An Update on Progress for Afghan Women
Throughout my time in Congress, I have had the privilege to serve on several committees that directly influence our country’s defense and foreign policy initiatives, namely the House Armed Services Committee and the House Appropriations Committee. Most recently, this Congress, I was asked to serve on the State and Foreign Operations Appropriations Subcommittee.
In this role, I have been part of many negotiations regarding funding levels for the many important programs we have overseas. Over the years, I have also used Congress’ constitutional oversight to question members of the Executive Branch about our country’s strategy abroad. I believe that this process is deeply important, and we must remain committed to upholding our country’s system of checks and balances when making critical military and foreign policy decisions.
On top of my committee-specific duties related to foreign policy, for the past eight years, my colleague, Congresswoman Susan Davis, and I have led an all-female Mother’s Day trip to Afghanistan. During these trips, we have been given the opportunity to meet with our servicemen and women who are away from their families on Mother’s Day. I believe it is so incredibly important for members of Congress to see firsthand how our policy decisions impact the lives of Americans at home and abroad. I have been able to use what I’ve learned during these trips to make more informed decisions about military spending and defense policy.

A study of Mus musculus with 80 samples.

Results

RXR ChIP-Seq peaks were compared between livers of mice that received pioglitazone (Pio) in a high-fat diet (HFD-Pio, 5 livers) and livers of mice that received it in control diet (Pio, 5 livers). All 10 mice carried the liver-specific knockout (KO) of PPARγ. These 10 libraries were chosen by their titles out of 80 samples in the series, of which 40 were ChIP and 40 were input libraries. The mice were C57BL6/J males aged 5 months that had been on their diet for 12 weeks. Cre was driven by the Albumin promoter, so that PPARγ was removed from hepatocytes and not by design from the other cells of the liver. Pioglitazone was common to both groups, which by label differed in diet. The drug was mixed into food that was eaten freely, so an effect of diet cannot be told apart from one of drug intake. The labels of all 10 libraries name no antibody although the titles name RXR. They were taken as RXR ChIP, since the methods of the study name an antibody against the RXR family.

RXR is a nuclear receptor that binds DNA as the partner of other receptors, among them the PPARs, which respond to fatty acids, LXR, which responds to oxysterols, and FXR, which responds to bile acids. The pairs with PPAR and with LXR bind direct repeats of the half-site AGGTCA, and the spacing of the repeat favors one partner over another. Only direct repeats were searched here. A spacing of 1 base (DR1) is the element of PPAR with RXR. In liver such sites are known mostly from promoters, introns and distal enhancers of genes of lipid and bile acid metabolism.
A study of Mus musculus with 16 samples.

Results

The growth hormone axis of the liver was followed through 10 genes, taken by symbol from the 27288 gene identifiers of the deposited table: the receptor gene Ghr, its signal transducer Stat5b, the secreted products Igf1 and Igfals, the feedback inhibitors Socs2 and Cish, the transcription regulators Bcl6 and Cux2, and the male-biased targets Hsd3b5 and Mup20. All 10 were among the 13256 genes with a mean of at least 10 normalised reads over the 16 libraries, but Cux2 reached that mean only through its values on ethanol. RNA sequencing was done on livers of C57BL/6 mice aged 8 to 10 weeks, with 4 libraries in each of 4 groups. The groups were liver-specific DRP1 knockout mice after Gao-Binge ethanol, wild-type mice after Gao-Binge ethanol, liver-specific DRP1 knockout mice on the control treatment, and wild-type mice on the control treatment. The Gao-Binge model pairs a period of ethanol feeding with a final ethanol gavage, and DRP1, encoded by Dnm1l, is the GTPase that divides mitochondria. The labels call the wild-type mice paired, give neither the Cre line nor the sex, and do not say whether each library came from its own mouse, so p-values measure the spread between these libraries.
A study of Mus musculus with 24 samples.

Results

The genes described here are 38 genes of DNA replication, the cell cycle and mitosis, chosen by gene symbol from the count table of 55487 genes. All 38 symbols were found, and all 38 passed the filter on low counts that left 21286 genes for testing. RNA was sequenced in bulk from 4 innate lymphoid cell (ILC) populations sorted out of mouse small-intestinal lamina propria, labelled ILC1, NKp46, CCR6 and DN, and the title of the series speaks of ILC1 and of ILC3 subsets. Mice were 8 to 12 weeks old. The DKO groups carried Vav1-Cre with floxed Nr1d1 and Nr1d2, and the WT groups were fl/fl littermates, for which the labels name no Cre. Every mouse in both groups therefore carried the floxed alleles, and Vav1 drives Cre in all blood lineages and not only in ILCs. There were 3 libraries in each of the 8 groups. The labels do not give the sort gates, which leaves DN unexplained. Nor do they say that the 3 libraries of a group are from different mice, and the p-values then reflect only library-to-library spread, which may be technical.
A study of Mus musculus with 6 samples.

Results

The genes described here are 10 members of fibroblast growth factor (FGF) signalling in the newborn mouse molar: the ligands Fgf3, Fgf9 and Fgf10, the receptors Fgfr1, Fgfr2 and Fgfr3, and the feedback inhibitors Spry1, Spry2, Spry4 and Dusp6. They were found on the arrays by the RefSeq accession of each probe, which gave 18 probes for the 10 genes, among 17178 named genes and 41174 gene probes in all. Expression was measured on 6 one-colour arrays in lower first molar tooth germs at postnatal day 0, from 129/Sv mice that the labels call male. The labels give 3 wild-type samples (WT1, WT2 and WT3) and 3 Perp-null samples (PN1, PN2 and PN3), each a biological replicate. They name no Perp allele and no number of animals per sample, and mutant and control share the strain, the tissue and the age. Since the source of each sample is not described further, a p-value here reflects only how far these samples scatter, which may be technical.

Also, importantly, these trips have afforded me the opportunity to reaffirm my commitment to improving circumstances for those in Afghanistan, especially Afghan women. While gains have undoubtedly been made since 2001, it remains critical that American leaders stay engaged to ensure continued forward momentum for these women.
I recently addressed a group at the United States Institute of Peace, and I told them that it is my belief that a peace deal – a true, lasting peace in Afghanistan – will not be reached until all facets of the Afghan community have a seat at the negotiating table. This means Afghan society must continue to see an increased number of women serving in all societal roles – in the military, police force, as educators, and more.
During this time when the future of Afghanistan is uncertain, these conversations I have participated in are so vitally important, and I have been honored to be a part of them. We have made great strides towards improving life for Afghan women over the years, but we must keep moving the ball down the field. The country simply cannot truly move forward until all its citizens have a bettered quality of life, and I will remain engaged in this fight.